Old Times In Schuyler 

Rushville in 1836
By Howard F. Dyson, 1918

In beginning a review of local events from Rushville’s pioneer papers, we have access to four copies of The Rushville Journal, published in July, 1836, but there is a dearth of local news, and in the four issues there is no mention of deaths, marriages or births. Such trivial things as personal news items did not concern the pioneer editor, who devoted the columns of his paper to fiction, national news and politics.

We find the Journal filled with columns of war news of the war waged by Texas against Mexico, and in the issue of July 16, 1836, Congressman Wm. L. May in announcing his candidacy for re-election from the Third congressional district has a five-column resume of what he had accomplished for his constituents, which was given first page position.

The Journal was a six-column four-page paper and carried two pages of advertisements, which consisted largely of town site sales and legal notices; the local merchants were good patrons of the paper and carried reading notices and cards advertising their business. From these we find who were the progressive citizens of Rushville in 1836.

Miss E. Collins announced the opening of her fall term of school and tuition rates were $4 for the quarter. Subjects taught were Astronomy, Moral and Natural Philosophy, Botany, Chemistry, Logic, Rhetoric, English Grammar, Geography, Arithmetic, Orthography and Writing.

Andrew Lacroix, hat maker, was doing business in the new brick building on North Liberty street, a short distance north of J. W. Skidmore’s hotel.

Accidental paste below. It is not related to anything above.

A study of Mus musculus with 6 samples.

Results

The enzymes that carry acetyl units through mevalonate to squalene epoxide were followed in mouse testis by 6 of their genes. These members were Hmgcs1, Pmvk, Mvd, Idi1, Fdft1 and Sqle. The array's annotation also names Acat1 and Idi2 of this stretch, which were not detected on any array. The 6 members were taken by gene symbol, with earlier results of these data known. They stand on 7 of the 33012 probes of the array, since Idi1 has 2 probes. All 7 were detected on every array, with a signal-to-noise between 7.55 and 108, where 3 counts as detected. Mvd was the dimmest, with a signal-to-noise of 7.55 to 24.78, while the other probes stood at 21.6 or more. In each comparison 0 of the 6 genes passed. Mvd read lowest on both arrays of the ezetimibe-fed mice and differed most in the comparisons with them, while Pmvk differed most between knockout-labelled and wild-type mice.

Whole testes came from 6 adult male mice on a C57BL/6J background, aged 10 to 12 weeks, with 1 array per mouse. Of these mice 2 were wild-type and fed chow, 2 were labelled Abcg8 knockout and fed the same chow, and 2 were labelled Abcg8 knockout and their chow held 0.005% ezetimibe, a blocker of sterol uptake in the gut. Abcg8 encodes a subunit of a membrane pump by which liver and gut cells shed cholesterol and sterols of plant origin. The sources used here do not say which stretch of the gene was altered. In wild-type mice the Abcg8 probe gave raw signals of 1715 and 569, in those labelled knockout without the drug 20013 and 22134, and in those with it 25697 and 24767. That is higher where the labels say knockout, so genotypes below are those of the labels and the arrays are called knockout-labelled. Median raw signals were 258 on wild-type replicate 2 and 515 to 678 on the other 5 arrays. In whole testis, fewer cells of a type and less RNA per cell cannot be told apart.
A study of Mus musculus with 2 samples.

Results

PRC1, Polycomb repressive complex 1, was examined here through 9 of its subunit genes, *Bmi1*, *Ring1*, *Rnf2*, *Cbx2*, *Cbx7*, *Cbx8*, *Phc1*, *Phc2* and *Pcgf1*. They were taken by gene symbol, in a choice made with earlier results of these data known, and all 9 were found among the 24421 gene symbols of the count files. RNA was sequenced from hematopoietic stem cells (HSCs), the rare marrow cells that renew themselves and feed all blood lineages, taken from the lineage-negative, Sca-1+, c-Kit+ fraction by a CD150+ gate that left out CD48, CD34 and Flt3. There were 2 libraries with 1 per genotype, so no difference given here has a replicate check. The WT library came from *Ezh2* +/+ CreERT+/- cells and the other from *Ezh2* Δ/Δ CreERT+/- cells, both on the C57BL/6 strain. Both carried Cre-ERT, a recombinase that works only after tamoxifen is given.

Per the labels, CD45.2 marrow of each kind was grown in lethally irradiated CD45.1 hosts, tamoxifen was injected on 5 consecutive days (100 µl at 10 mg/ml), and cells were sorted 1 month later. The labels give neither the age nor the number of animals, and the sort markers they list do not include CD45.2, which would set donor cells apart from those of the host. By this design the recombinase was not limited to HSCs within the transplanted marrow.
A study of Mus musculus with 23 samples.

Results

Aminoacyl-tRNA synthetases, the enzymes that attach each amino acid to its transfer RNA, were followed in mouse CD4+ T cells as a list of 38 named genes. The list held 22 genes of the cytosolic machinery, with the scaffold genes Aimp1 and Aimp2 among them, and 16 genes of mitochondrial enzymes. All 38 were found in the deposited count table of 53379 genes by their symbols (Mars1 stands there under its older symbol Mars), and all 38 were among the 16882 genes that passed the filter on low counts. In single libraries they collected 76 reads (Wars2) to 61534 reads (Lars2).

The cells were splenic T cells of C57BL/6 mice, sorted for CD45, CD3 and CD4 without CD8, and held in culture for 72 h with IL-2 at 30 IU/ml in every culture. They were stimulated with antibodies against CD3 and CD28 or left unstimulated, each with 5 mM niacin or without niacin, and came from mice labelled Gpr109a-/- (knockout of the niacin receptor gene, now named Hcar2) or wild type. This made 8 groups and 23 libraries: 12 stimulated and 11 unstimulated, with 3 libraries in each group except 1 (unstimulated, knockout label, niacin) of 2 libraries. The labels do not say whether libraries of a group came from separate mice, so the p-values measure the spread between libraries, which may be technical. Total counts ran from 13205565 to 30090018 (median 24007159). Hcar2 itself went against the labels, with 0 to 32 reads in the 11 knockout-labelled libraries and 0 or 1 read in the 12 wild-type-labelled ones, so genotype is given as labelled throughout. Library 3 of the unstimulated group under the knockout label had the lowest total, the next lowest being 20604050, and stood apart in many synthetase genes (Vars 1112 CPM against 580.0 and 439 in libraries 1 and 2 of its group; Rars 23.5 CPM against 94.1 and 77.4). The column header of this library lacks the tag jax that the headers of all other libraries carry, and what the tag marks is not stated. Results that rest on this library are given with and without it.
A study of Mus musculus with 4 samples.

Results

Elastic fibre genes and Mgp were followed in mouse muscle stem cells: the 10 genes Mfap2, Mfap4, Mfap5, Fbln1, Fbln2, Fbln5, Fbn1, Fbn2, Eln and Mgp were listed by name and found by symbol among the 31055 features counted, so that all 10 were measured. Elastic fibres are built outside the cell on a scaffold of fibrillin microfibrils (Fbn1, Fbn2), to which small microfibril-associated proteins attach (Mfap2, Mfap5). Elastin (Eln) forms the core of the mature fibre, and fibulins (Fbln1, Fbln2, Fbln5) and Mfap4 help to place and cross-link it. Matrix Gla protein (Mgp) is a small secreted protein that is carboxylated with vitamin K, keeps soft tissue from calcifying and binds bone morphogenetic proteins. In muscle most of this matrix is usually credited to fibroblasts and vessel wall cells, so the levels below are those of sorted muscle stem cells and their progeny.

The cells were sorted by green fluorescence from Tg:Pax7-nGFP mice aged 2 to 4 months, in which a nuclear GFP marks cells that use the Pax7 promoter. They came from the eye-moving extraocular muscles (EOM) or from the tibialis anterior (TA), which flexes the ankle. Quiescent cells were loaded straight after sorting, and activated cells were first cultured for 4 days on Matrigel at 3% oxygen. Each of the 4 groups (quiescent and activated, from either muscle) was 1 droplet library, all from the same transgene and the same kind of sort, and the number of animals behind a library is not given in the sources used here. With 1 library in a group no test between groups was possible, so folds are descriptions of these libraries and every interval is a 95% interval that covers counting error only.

Isaac Greer and Robt. Dorey were partners in a tin shop, located on the north side of the square.

J. W. Clark advertises his drug store in connection with a stock of books and stationery.

Nelson & Robertson, prominent pioneer merchants, had just opened a store in the Haskell building on the present site of the court house.

Wm. Snider advertises his chair factory and announces he has in stock chairs and settees. This pioneer chair factory was located on East Washington street, and doubtless some of the old Snider chairs are still doing duty in Rushville.

Advertisements of general stores indicate that Rushville was well to the front as a merchantile center in 1836. We find in The Journal, ads for the following individuals or firms: G. H. Scripps, Geo. W. Baker, Parrott & Olcott, Fellows & Burton; Dawley & Wells, McCabe & Ritchey, J. & R. H. Burton, Drake & Penny, Montgomery & Gray, McCrosky & Bailey.

Joseph Burton was postmaster of Rushville and published the following schedule of mails:
To Beardstown–Leave Friday and Tuesday 10 a.m. Arrive Saturday and Wednesday, 10 a.m.
To Quincy–Leave Wednesday 12 noon. Arrive Saturday, 12 noon.
To Macomb–Leave Monday 10 a.m. Arrive Sunday 12 noon.
To Lewistown–Leave Monday 10 a.m. Arrive Sunday 12 noon.
To Carthage–Arrive Monday 6 p.m. Leave Tuesday 6 a.m.